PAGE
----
Strategic Goal A: Address the underlying causes of biodiversity loss by mainstreaming biodiversity across government and society
Target 3 - By 2020, at the latest, incentives, including subsidies, harmful to biodiversity are eliminated, phased out or reformed in order to minimize or avoid negative impacts, and positive incentives for the conservation and sustainable use of biodiversity are developed and applied, consistent and in harmony with the Convention and other relevant international obligations, taking into account national socio economic conditions.
Substantial and widespread changes to incentives, including subsidies, are required to ensure sustainability. Ending or reforming incentives, including subsidies, harmful to biodiversity is a critical and necessary first step that would also generate net socio-economic benefits. In addition, the creation or further development of positive incentives for the conservation and sustainable use of biodiversity, provided that such incentives are in harmony with the Convention and other relevant international obligations, could also help in the implementation of the Strategic Plan by providing financial or other incentives to encourage actors to undertake actions which would benefit biodiversity. Fishery subsidies that contribute to overcapacity, and overfishing globally are potential areas for reform as is the continued and deepened reform of production-inducing agricultural subsidies still prevalent in most Organisation for Economic Co-operation and Development (OECD) countries.8
Bearing in mind the principle of common but differentiated responsibilities, this target would not imply a need for developing countries to remove subsidies that are necessary for poverty reduction programmes. Implementation:
Current negotiations under the Doha Trade Round aim to clarify and improve World Trade Organization (WTO) disciplines on fisheries, taking into account the importance of this sector to developing countries, and to achieve substantial reductions in trade-distorting agricultural subsidies, with special and differential treatment for developing countries being an integral part of the negotiations. These negotiations have the potential to generate high synergies with this target, and are therefore a key vehicle for achieving the target. However, as these negotiations focus on overcapacity/overfishing or trade-distorting effects of subsidies, approaches which focus specifically on subsidies that are harmful to biodiversity may be required. In addition, countries or regional groups may, where necessary, take their own initiatives to phase out and/or reform environmentally harmful incentives, including subsidies, bearing in mind the principle of common but differentiated responsibilities. The recent decision of the G20 to phase out or rationalize inefficient fossil fuel subsidies by 2020 could be taken as an example, and would also contribute to the target. A more effective use of strategic environmental assessment could also be one mechanism to help implement effective policies and actions towards this target. The Convention’s work on economic, trade and incentive measures and on impact assessment are relevant to this target. Indicators and baseline information:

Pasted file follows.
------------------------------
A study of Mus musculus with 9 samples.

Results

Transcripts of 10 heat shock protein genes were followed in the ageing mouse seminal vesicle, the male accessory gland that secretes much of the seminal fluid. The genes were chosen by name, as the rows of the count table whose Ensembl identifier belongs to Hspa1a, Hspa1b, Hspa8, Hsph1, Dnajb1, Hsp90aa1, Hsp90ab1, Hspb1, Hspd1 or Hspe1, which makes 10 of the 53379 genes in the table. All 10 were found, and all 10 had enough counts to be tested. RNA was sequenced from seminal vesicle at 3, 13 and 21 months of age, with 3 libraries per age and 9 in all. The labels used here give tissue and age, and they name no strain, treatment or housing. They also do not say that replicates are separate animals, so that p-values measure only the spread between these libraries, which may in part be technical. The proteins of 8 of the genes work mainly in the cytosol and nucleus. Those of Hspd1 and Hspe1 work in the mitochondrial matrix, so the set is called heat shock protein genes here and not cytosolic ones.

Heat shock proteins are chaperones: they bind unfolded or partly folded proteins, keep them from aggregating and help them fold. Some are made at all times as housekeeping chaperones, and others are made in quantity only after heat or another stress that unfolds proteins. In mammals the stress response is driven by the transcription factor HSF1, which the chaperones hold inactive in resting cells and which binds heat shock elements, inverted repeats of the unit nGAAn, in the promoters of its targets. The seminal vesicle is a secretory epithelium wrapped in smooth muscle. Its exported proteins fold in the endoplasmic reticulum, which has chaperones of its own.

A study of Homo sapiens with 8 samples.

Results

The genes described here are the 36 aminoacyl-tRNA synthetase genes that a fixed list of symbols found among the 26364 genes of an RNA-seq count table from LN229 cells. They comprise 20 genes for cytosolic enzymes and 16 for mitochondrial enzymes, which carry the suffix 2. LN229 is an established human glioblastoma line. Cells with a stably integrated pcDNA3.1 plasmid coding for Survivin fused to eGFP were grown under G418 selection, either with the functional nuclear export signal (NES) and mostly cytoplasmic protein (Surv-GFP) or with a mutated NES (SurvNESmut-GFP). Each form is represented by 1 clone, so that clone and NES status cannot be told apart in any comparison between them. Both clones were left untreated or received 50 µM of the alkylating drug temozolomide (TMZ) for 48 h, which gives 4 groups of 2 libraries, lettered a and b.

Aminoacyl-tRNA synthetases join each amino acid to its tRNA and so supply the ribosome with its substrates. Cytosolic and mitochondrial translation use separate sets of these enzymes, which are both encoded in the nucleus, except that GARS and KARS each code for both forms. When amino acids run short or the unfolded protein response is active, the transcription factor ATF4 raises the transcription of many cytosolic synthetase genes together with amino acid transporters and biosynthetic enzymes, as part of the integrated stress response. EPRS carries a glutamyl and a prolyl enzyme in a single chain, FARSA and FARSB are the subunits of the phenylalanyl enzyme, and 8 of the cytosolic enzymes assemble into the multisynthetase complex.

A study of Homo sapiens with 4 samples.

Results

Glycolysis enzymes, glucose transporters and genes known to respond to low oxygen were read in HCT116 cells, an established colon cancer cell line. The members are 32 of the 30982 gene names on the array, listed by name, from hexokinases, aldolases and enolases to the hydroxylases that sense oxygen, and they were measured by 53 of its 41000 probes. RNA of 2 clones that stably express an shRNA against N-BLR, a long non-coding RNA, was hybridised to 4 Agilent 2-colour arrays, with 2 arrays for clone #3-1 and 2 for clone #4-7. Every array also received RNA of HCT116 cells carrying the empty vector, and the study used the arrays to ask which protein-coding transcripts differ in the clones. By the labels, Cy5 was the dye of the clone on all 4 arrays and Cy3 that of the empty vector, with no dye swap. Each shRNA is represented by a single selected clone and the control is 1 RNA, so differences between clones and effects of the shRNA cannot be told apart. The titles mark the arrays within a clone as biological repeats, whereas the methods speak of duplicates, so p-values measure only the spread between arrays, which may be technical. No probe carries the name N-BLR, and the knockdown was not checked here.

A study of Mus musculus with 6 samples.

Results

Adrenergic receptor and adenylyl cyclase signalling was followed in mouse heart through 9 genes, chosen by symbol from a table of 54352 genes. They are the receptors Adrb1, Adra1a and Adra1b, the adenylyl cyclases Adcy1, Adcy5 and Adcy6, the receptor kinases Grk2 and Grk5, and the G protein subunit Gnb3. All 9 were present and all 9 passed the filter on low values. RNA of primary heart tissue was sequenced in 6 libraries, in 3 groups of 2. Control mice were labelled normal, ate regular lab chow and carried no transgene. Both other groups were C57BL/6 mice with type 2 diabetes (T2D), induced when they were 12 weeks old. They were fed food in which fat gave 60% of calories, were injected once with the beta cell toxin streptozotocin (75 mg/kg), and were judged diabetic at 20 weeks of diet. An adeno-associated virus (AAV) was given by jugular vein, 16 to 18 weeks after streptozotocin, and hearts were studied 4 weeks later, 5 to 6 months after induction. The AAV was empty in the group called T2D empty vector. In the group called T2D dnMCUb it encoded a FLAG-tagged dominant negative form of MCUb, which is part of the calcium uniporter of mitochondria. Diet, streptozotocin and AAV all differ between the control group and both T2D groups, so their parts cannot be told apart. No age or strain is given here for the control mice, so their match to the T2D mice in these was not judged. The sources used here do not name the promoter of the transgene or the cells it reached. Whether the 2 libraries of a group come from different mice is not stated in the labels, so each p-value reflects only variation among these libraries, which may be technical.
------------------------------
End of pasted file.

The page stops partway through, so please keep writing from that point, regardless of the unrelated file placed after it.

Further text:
Estimates of the value of harmful subsidies, using criteria developed by WTO and OECD, would be an indicator. Baseline data is already published. Process indicators might include the successful conclusion of WTO negotiations on fisheries subsidies and on agricultural domestic support. Possible indicators for the application of positive incentive measures include the number and types of positive incentive mechanisms being developed and applied. The economic and financial values of biodiversity and ecosystem services captured via payments for ecosystem services, user fees, taxes and other mechanisms could also be used to track progress.
Possible milestones for this target include:
- By 2012, transparent and comprehensive subsidy inventories and inventories of possible positive incentive measures are established by all OECD countries, and an assessment of their effectiveness against stated objectives, of their cost-efficiency, and of their impacts on biodiversity, is being initiated;
- By 2014, prioritized plans of action for the removal or reform of subsidies that are harmful to biodiversity and for the development and application of positive incentives, are prepared and adopted;
- By 2020, subsidy programmes identified in the plans of action are being effectively reformed or phased out, and positive incentive measures identified in the plans of action are being effectively phased in.
The Economics of Ecosystems and Biodiversity. (2009) TEEB for Policy Makers, Summary, Chapter 6.